Tuesday, 30 June 2020

A brave policy

It would be hard to argue that the Welsh government’s performance during the coronavirus pandemic has been brilliant. Errors have been made and they’ve been slow to act at times. Part of this may be the result of an over-willingness to seek consensus with an English government which has shown itself to have not the slightest interest in working with anyone else. Part of it may be down to a lack of power to vary some aspects of the response to the pandemic. And part of it may be down to the porous nature of the long eastern border of Wales, which makes divergence more difficult. None of that is enough to excuse the Welsh government for all its failures – a government which truly put Wales first and foremost would have diverged sooner and faster from the increasingly shambolic approach being taken by England rather then held back because of the largely political fear of being seen as ‘too nationalist’. Scotland’s response has not been perfect either, although the less equivocal political leadership and greater willingness to diverge there has helped.
Despite the imperfect response in Wales, the polls suggest that the Welsh government, like its Scottish counterpart, is significantly more trusted than the English government. The more cautious approach is in tune with public opinion, and the willingness to at least attempt to answer questions rather than bluster and lie has been notable. That some people are frustrated with the slower pace of release is unarguable; we still have less freedom than is being enjoyed across the border, and that seems set to continue for a while at least. However, public support for that position seems to be holding up. Whether that continues probably depends on what happens in England. If the release of lockdown leads to an upsurge in cases in England, the First Minister can probably count on becoming even more trusted, but if it doesn’t, then the frustration will grow. The evidence to date is that the former is rather more likely than the latter and like most I broadly support the Welsh approach even if I’d quibble with some of the details. Only time will tell.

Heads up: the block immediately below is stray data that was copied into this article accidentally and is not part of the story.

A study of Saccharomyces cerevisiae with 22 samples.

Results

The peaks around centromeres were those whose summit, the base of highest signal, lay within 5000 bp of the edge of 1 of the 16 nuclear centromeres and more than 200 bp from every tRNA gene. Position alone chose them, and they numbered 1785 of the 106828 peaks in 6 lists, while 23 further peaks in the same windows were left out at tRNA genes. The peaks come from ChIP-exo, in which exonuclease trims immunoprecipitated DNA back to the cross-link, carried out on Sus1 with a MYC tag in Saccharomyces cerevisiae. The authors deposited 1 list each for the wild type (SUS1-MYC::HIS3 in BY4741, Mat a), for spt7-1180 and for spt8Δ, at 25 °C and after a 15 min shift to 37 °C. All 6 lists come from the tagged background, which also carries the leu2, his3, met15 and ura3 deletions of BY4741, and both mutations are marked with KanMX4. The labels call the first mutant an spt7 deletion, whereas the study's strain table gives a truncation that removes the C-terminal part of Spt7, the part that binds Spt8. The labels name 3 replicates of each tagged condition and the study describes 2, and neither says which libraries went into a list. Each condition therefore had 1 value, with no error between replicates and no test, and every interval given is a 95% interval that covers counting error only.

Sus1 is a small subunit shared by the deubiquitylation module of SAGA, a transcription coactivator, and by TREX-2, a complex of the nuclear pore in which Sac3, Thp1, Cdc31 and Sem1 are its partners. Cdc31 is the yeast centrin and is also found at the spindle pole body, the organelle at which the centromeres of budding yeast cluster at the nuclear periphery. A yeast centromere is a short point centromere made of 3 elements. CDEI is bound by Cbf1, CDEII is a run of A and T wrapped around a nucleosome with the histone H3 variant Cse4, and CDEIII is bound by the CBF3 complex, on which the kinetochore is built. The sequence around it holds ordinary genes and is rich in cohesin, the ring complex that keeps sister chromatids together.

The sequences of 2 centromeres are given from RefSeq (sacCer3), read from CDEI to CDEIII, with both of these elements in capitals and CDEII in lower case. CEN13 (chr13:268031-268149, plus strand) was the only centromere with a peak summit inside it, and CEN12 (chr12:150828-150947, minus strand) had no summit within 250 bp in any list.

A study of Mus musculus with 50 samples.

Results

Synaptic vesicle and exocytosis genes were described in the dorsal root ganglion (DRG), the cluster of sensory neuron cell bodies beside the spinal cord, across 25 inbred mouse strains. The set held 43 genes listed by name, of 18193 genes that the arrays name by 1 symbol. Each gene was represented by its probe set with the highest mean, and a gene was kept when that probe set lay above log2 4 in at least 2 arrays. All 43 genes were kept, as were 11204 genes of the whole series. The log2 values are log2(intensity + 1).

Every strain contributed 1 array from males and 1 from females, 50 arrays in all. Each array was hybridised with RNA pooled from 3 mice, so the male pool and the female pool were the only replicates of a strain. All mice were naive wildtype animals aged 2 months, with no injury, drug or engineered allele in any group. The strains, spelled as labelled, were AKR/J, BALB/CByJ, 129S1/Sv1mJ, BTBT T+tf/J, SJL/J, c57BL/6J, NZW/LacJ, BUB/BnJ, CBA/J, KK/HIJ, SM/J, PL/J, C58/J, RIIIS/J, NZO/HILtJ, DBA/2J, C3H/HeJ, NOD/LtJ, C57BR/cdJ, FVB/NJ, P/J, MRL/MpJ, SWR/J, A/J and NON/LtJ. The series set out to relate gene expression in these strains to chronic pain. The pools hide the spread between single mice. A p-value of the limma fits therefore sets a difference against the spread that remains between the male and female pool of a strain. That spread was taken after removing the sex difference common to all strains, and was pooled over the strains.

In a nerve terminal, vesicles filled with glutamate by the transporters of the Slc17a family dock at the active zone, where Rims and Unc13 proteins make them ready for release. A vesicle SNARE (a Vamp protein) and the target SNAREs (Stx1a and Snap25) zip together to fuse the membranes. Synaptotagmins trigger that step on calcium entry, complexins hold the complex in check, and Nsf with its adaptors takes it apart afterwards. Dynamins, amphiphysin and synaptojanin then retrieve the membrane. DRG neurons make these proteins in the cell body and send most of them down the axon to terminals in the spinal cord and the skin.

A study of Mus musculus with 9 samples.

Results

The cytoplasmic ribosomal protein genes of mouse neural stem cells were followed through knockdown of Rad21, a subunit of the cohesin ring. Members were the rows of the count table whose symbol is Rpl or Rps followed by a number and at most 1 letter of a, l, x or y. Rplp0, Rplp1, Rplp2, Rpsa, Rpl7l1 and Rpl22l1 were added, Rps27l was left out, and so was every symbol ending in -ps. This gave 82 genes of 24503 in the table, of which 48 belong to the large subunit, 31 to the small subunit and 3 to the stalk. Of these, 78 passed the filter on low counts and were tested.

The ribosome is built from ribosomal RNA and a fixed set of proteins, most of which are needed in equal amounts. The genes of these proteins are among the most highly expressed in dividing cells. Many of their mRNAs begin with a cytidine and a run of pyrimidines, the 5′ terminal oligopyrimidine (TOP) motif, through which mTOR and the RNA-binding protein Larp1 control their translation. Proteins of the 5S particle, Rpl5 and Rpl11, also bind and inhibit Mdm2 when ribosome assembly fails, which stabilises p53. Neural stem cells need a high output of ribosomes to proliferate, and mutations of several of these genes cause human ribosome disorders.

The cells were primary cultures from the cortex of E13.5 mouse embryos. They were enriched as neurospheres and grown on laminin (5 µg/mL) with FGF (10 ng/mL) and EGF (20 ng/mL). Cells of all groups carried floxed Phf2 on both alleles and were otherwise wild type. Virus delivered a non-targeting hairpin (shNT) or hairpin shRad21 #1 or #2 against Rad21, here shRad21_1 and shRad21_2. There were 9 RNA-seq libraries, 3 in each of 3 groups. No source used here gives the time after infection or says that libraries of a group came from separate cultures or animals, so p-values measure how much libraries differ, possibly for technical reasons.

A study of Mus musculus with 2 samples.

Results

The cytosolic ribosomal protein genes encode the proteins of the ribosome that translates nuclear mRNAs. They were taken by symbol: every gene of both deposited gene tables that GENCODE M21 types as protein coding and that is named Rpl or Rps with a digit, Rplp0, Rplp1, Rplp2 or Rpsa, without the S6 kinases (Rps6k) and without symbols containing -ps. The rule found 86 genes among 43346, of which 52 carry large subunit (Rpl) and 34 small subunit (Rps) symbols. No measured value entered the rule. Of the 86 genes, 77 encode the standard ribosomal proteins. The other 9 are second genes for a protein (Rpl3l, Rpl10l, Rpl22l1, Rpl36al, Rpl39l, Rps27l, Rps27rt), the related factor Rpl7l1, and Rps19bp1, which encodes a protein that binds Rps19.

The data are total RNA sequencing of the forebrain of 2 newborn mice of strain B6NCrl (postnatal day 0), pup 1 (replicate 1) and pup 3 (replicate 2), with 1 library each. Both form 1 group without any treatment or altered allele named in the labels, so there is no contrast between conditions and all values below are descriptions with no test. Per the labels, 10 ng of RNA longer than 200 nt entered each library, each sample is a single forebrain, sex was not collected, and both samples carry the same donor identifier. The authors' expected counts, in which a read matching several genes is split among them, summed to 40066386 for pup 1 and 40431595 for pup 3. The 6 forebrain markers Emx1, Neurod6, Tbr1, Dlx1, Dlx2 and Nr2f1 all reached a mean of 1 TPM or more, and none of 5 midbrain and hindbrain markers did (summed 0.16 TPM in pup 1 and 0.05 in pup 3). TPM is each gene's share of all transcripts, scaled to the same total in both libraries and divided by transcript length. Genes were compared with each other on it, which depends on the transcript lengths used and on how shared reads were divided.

The utter incompetence of the English PM and his disastrous handling of the pandemic has left the Conservative Party in Wales in a particularly difficult position – they had to decide whether to hang on to Johnson’s coat-tails or to strike a more independent position. They have chosen to ‘resolve’ that conflict by making repeated demands that Wales should follow England more closely. Being as kind as I can, I assume that they sincerely believe that Johnson has got it right and Drakeford has got it wrong, despite all the current evidence suggesting precisely the opposite. Because if I didn’t make that assumption, I’d be obliged to assume that their demands for copying England amount to a demand that we should increase the Welsh infection and death rates to match the English ones. They’re taking a huge gamble on Johnson’s competence in the face of all the evidence to the contrary. If they’re wrong, then effectively demanding that Wales should ‘level up’ the death rate rather than act differently would be a highly original election strategy. Sir Humphrey, in his customarily understated way, would probably call it ‘brave’.


dafis said...

The Bay team are not terribly bright, but compared to the Westminster rabble they are near geniuses. Was Johnson brain damaged by Covid, or did he harbour that condition from earlier in his life ?

Spirit of BME said...

Comparing parts of HMG with each other at this early stage I think is a bit of a stretch.
HMG in Wales (HMGW) like HMG in Scotland (HMGS)certainly sat the same test paper, but HM Union Government (HMUG) I think had a few more pages of questions to answer.
HMGW and HMGS have an election within twelve months and enhancing their brand and street cred is a clear consideration that will drive their thinking, therefor acting differently was a must to try and prove their value.
Leaving aside the scale and volume HMUG had to apply themselves to, at this stage the science has been abandoned by them in favour of reflating the economy and rebuilding government income. Such concerns do not weigh on HMGW as it is beyond their brief, but if they are thinking there might be another bag of money coming their way, I would not be too sure.
Sometime in the near future HMUG will present a new Emergency Powers Bill to Parliament that might address this issue and a small paragraph could well introduce the old colonial powers of “English Paramountcy” where in the next event HMGW and HMGS will cease to have the powers they currently have.